Sunday, July 30, 2000

Pledge is to win in Ohio, Ky.

By James Pilcher and Lew Moores
The Cincinnati Enquirer

[photo] George W. Bush speaks at Devou Park Saturday.
(Michael E. Keating photo)

        “We're going to change all that,” said the Texas governor, who heads into this week's Republican convention as the presumptive presidential nominee. “And we're going to do it for a reason. ... We're going to make sure this American experience touches every willing heart.”

        The event, Mr. Bush's third Kentucky stop of the day, went off without a hitch with a light but steady rain ending about 30 minutes before the candidate took the stage shortly before 7 p.m.

        Covington police officials would not give an estimated attendance. Campaign officials claimed as many as 1,700 crowded into the overlook corner of the park.

[photo] Bush returns an autograph to an admirer.
(Michael E. Keating photo)

        His speech in Covington echoed themes from previous stops in Louisville and Owensboro. He briefly touched on his proposal to allow younger workers the option of a private investment account instead of Social Security, his intention to use the federal budget surplus to lower taxes, his goal of “rebuilding the military,” and his commitment to education and local control of schools.

        He did not mention his Democratic opponent, Vice President Al Gore, by name, but said he and Mr. Gore disagreed on taxes.

        “My opponent believes the surplus belongs to the government,” Mr. Bush said. “It is my belief the surplus belongs to the people who pay their bills and paid their taxes that created the surplus in the first place.”

[photo] Young and old came to hear Bush.
(Michael E. Keating photo)

        He also said “morale in the U.S. military right now is dangerously low, and we need to rebuild it. In order to keep peace in the world, we must rebuild the military power of the United States of America.”

        On education, he reiterated a familiar theme: “Now I'm in favor of education, but don't expect me to be the federal superintendent of schools.”

        Mr. Bush, still energized after a full day's campaigning, was warmly received by the audience. He spent 20 minutes shaking hands on his way out of the park. He planned to spend the night at a private home in Cincinnati before appearing at a rally today at Blue Ash Sports Park.

        The crowd ringed the hillside at the park, which offered a vista of downtown Covington and the Cincinnati skyline in the background.

[photo] Bush goes over his notes before speaking.
(AP photo)

        “I wanted my kids to be here among the excitement of seeing the future president,” said Ms. Wilson. “I wanted to show him my support as he heads to the convention.”

        As her children played on a nearby playground, she said she brought them along to give them a taste of poli tics.

        “I wanted to get them involved early, to let them know that voting is important,” she explained.

        It rained for much of the late afternoon, a light rain that turned the hillside into a canopy of multicolored umbrellas. The drives along the park were lined with parked cars. Some who lived nearby walked to the overlook area, near the Memorial Building.

        Steve Middendorf of Park Hills rode up to the park on a mountain bicycle.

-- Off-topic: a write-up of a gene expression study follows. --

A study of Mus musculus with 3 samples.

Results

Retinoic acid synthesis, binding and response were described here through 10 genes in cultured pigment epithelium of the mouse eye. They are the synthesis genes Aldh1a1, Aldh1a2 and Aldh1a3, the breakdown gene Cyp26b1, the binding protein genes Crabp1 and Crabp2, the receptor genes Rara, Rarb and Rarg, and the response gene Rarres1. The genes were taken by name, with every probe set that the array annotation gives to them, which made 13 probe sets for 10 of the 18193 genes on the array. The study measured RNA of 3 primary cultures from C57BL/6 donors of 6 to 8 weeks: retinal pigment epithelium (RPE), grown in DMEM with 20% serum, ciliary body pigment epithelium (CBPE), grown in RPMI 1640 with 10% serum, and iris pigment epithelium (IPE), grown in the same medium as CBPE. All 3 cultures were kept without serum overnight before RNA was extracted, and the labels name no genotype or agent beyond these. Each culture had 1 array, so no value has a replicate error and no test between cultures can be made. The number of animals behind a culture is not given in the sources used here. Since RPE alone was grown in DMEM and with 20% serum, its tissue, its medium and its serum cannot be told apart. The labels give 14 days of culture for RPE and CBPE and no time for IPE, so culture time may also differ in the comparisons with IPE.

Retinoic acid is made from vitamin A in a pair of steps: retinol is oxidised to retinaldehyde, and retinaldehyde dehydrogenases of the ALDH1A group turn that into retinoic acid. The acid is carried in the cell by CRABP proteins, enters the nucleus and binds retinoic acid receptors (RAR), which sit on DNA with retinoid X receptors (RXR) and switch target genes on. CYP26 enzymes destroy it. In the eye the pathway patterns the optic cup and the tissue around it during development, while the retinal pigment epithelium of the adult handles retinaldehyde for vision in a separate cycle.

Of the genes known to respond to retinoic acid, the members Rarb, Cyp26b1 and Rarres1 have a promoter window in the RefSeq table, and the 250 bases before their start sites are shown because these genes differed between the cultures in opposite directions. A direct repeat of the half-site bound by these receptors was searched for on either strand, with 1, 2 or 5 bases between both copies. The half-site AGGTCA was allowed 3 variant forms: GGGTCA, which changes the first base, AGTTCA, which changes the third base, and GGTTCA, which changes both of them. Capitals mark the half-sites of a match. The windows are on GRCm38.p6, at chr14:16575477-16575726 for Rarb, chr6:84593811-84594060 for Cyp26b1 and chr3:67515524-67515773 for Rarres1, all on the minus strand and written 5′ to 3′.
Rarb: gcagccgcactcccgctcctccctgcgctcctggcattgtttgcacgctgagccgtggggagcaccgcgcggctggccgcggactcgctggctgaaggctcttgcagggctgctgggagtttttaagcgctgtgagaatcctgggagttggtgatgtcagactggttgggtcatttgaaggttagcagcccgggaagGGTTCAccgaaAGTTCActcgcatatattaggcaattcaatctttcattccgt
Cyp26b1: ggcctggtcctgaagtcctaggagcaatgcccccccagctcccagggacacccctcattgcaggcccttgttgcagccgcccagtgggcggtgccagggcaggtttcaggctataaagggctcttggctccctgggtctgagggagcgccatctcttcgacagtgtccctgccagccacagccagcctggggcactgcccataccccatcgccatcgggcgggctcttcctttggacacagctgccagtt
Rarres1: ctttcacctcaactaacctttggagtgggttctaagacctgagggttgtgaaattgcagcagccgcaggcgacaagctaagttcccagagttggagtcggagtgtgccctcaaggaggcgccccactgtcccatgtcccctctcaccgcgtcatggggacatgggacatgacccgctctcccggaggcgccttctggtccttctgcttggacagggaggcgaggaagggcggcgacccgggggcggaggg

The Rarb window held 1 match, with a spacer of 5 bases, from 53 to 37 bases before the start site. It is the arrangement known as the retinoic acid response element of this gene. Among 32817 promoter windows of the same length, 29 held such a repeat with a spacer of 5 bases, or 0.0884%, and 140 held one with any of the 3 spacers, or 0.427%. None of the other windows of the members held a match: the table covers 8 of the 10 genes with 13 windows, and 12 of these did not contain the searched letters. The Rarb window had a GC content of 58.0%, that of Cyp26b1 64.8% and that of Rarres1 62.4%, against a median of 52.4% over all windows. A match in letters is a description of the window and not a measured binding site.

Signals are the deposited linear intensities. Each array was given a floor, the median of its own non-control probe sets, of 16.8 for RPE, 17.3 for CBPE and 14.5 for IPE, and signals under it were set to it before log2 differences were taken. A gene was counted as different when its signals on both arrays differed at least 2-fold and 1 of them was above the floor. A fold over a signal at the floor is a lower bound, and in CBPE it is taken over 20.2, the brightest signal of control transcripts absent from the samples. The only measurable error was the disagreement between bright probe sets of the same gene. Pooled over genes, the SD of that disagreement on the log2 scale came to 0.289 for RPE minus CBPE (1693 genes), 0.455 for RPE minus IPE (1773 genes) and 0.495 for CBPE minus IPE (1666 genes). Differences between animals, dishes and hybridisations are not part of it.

“I'm not that politically active, but I'm a Republican,” said Mr. Middendorf, who added the opportunity to see the presidential candidate was too near to pass up.

[photo] A small group protested against Bush's support of the death penalty.
(AP photo)

        Rock music and music by the Pete Wagner band and the Simon Kenton High School Marching Band kept the crowd entertained. Miniature American flags sold for $1, and campaign buttons were being hawked at two for $5.

        The weather cooperated. By 6:25 p.m. the sun began poking through an overcast sky.

        The audience included young couples with young children and retirees alike.

        Taylor Mill residents Chris and Karen Seidler, 26 and 22, respectively, said Mr. Bush has a lot more support within their age group than previous Republican candidates.

        "I've never liked Bill Clinton but this is the first time that I've felt like I'm voting for someone rather than against someone,” Mr. Seidler said, who along with his wife brought twin 1 year olds to the event.

        Earlier in the day, in Louisville, a 40-minute rain delayed Mr. Bush's arrival to the Louisville Slugger Museum.

        Hundreds of supporters and protesters braved the weather for hours before the governor spoke, but as he rose to the platform, the rain ended.

        “It's the same thing that's going to happen in November,” said Joe Gerichs of Louisville. “The rain's going to stop and we're going to elect Bush.”

        “The good news is that we're leading in the polls right now,” Mr. Bush said in Covington. “The bad news is that the election is not tomorrow. We've got a lot of work to do and I've come to ask for your help.”

        Given his support in this region, it is logical he'd be here immediately before the GOP convention, said Ohio Poll co-director Eric Rademacher.

        “This shows he's paying attention to two states - Ohio and Kentucky - that his campaign views as very important,” said Mr. Rademacher. “But he's also in an area that he has great support, so this could provide momentum visually for the national media and psychologically for the candidate and campaign.”

        Kristina Goetz contributed to this story.